Agrarian India and Crisis: Lest We Forget

Posted on January 8, 2010 in Society

Mohit Arora:

The people’s protest against Special Economic Zones in various parts of the country, including at Nandigram in West Bengal, stagnation in agriculture, import of food grains, widespread suicide of farmers- all these are signs of simmering discontent in the agricultural sector. What is highlighted today in the national scene is the image of ‘incredible India’ and ‘shining India’. We hear about India as a country with a very high economic growth, a country with the highest numbers of billionaires in Asia. But we do not hear enough about the serious problems in agriculture.

Our government doesn’t actually seem to be concentrating on this topic much. But we can’t easily ignore it.

It was with the Structural Adjustment Programme (SAP) in 1991 that the policy of globalization was concretely introduced in India. Based on this policy and the directives of the World Bank, the Indian economy was substantially overhauled. The export levels were drastically lowered and the government started reducing its investment on agriculture and industrial sector allowing the private sector to take over.

The problems of agrarian sector have adversely affected the Indian agriculture. The most prominent manifestation of this is in the drastic decline in the growth rate of food grains.

The rate of growth of agriculture was very less as compared to the increasing rate of population. And India then started to import food grains at a much higher price than that in the domestic market. Again, unemployment in the agricultural was not profitable due to the fall in the price of farm products. Finally the number of people who are employed in the primary sector and the area under cultivation decreased, which in turn caused a decline in rural employment.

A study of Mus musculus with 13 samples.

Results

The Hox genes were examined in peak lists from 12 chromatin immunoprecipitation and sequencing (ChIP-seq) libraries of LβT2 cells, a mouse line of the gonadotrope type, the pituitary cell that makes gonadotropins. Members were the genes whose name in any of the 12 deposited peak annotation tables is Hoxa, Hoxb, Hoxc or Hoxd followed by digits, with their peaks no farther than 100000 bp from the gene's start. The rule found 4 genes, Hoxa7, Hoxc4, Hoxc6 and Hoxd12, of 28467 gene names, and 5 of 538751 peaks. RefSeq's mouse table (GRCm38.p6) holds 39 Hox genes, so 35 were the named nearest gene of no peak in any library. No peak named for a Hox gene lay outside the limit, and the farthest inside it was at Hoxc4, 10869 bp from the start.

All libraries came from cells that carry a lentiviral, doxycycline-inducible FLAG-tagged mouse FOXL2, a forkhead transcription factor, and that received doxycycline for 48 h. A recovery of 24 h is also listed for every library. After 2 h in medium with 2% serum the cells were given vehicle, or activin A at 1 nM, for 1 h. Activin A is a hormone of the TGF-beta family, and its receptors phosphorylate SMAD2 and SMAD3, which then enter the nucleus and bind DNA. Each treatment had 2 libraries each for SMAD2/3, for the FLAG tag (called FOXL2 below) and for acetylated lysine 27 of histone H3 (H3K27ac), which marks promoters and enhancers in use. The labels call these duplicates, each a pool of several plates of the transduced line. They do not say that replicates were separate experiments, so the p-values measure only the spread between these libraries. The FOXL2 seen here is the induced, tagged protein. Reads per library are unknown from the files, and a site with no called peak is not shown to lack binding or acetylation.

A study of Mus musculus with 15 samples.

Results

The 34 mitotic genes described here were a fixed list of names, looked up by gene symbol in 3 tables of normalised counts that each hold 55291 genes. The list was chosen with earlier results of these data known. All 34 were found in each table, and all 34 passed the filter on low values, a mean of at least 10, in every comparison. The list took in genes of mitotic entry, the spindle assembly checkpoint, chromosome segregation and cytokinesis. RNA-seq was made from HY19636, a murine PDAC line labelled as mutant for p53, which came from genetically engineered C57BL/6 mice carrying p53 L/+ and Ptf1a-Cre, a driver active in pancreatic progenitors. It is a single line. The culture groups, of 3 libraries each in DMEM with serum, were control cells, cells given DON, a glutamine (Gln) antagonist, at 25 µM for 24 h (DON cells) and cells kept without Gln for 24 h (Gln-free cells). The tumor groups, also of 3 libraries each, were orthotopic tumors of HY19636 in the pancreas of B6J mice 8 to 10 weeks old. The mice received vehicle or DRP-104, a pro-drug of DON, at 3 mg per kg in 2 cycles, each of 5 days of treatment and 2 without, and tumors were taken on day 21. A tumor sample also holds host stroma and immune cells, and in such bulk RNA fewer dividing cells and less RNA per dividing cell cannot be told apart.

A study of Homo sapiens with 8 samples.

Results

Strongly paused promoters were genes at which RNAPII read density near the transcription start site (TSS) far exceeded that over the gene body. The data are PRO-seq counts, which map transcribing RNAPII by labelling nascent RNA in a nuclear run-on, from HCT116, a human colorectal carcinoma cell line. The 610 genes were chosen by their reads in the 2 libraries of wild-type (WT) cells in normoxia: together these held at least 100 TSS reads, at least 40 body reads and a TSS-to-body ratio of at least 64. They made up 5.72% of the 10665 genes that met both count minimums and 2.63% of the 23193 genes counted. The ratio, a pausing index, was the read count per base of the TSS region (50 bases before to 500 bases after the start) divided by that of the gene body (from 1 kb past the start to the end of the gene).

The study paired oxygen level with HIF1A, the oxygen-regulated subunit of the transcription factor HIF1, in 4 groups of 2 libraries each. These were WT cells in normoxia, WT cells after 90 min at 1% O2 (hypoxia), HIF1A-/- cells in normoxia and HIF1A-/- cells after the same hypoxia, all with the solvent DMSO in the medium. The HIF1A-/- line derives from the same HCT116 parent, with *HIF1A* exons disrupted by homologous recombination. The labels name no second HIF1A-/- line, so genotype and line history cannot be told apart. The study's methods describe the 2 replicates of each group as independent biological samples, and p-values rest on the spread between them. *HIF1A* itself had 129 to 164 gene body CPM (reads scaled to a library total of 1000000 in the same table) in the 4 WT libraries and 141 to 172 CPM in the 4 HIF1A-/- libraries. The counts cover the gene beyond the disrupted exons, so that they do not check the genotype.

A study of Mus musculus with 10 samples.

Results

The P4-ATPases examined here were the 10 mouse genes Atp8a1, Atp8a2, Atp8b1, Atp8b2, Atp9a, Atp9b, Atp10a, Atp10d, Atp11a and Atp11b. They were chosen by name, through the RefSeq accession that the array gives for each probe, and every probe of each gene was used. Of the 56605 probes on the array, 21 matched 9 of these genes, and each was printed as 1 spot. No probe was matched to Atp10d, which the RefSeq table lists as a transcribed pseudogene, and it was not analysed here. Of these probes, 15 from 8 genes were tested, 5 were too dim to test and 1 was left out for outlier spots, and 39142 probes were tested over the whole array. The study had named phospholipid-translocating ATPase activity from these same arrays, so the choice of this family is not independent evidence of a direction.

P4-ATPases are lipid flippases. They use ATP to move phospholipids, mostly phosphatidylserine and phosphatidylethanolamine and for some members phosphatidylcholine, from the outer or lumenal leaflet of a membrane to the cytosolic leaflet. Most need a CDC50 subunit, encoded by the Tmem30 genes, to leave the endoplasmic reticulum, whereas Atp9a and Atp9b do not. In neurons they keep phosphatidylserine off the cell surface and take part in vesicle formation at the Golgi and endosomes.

The suicide of farmers is the third fall-out of stagnation in agriculture. When there is no season the farmers are left unemployed. The main reason for agrarian crisis is- liberal import of agricultural products, cutback in agricultural subsidies, lack of easy and low cost loan to agriculture, decline in government investment in the agricultural sector, restructuring of the public distribution system, special economic zones.

Finally in support for the growth of the agricultural sector, we are all aware that our farmers are in great distress. Therefore, our government should take up important measures to remove the hindrances. Better and easier banking and micro-financing should be promoted. Investment must be made especially in the farming industry. A periodic revision of the statistics of the growth and development should be made. Bold steps must be taken to implement land reforms which are not implemented in most states. An effective way of helping out the farmers could be indulgence of the youth in social entrepreneurship concentrated in the agricultural sector.

According to Dr M.S. Swaminathan, “In a country where 60% of people depend on agriculture for their livelihood, it is better to become an agricultural force based on food security rather than a nuclear force.”